Hyper-V v2 has come a long way, but so has VMware

Published On: 2010-03-18By:

The timing on this post might seam a little strange, but I’ve been meaning to write this for a while and I finely got a chance to do it.

Back when Hyper-V 1.0 was released it wasn’t all that great of a product.  It showed some promise, but it really wasn’t there.  I had all sorts of people (mostly from Microsoft) telling me that it was way better than ESX and that I needed to give it a shot.  My personal feelings are that it wasn’t anywhere near where ESX was, and for my production environment I needed the better product, so we went with ESX 3.5.

Well a while back Microsoft released Hyper-V 2.0 and it is a much better release than it was at the time.  I’d even be willing to stack it up next to VMware’s ESX 3.5 which was VMware’s competing version at the time of release.  Put next to ESX 3.5 you would have two well matched products.  Both included a real time online migration solution vMotion for ESX and life migration for Hyper-V.  Both support being put into a high availability cluster.  Both support pass through disks so that the guest OS has direct access to the fibre channel storage.

However shortly after Hyper-V 2.0 was release VMware released vSphere 4.0 which is the successor to ESX 3.5 and with vSphere 4.0 they’ve blown the doors off of Hyper-V yet again.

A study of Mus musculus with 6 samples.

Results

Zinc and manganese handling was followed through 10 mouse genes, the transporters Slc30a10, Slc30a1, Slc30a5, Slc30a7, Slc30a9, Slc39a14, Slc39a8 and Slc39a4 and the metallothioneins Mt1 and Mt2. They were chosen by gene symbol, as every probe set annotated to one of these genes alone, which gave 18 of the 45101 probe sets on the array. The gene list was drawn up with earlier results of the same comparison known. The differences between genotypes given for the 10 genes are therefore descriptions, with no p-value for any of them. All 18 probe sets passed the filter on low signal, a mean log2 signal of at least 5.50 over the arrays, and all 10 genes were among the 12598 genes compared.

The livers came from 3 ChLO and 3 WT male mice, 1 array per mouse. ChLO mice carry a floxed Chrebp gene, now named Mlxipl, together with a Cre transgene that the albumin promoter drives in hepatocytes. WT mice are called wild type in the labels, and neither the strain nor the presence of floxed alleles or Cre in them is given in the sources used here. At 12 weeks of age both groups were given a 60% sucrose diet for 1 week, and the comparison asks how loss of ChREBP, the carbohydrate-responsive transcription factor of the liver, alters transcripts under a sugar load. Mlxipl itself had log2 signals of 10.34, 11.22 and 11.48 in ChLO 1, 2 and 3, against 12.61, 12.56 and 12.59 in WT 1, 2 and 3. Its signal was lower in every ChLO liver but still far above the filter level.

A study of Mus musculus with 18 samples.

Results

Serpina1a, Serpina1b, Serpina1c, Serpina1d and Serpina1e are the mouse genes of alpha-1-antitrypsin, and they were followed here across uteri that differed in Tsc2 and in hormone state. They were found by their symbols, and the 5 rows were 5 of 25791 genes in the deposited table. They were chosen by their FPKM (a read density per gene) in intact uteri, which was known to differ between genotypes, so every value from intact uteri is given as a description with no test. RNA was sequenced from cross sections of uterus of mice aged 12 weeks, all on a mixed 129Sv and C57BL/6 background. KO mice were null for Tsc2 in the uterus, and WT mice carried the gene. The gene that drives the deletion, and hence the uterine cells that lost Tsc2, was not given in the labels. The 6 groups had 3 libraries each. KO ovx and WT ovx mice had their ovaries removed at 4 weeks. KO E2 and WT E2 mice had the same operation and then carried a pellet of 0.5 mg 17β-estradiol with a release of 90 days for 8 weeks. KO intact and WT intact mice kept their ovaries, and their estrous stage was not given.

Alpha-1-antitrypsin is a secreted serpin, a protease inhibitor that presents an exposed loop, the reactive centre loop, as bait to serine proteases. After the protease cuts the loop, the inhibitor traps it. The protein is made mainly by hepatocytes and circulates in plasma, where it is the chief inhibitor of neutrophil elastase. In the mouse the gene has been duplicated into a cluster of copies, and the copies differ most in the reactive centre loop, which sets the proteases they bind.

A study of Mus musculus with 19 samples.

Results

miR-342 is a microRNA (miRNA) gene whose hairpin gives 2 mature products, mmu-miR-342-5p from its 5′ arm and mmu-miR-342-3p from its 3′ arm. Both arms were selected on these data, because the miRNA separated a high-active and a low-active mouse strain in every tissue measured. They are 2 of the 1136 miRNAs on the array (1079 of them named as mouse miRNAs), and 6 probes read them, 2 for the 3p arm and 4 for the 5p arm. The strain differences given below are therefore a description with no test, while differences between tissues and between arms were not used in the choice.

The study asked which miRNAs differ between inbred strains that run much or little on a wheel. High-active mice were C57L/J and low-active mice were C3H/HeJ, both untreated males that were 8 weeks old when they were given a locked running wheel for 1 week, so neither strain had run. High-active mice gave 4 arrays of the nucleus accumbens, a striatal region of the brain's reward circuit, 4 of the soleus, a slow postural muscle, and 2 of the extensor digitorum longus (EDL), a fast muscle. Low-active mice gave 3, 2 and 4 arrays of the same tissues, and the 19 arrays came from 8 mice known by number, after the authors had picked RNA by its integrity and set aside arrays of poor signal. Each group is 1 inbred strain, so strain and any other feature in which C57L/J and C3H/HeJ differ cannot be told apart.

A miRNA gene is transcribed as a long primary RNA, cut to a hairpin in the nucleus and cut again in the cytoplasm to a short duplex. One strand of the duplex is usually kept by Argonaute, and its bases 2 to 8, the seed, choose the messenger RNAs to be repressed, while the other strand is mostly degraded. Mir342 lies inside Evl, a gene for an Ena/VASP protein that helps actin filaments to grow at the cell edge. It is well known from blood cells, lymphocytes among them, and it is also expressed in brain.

vSphere gives us FT or Fault Tolerance which basically runs a single VM on two machines with only one of the machines being active at a time.  In the event that one host fails the other host being running the VM actively with no outage to the guest.  Users connected to the guest won’t even know that the guest has switched to another machine.

VMware has also introduced some interesting features as experimental which means that we will probably see them show up as full on features in a future release.  This includes the ability to map an HBA directly to a virtual machine to give the VM actual direct access to the HBA.  At the moment that HBA can only be mapped to a single VM, but hopefully in the next release they will fix that.

Now don’t get we wrong, I think that Hyper-V has come a long way since the v1 release.  Do I think that Hyper-V is an Enterprise Ready solution?  Yes I do.  Do I think Hyper-V is ready to be called the winner in the virtualization server space?  No, not at all.  I think it is anyone’s game still before we have a clear winner.  Hyper-V has a big selling point to it, the cost to get into Hyper-V is free, as long as you don’t want to cluster it.  Then you’ll need to purchase a management tools license for each host machine.  How with VMware you’ll want the management tool weather you cluster the machines or not, but its a single purchase from VMware at least.

What it really comes down to is that you need to fully evaluate both platforms and due a solid CBA (Cost Benefit Analysis) as well as a full feature analysis before picking a platform for your enterprise.  Because once you pick one platform moving from one to the other is very tough to do.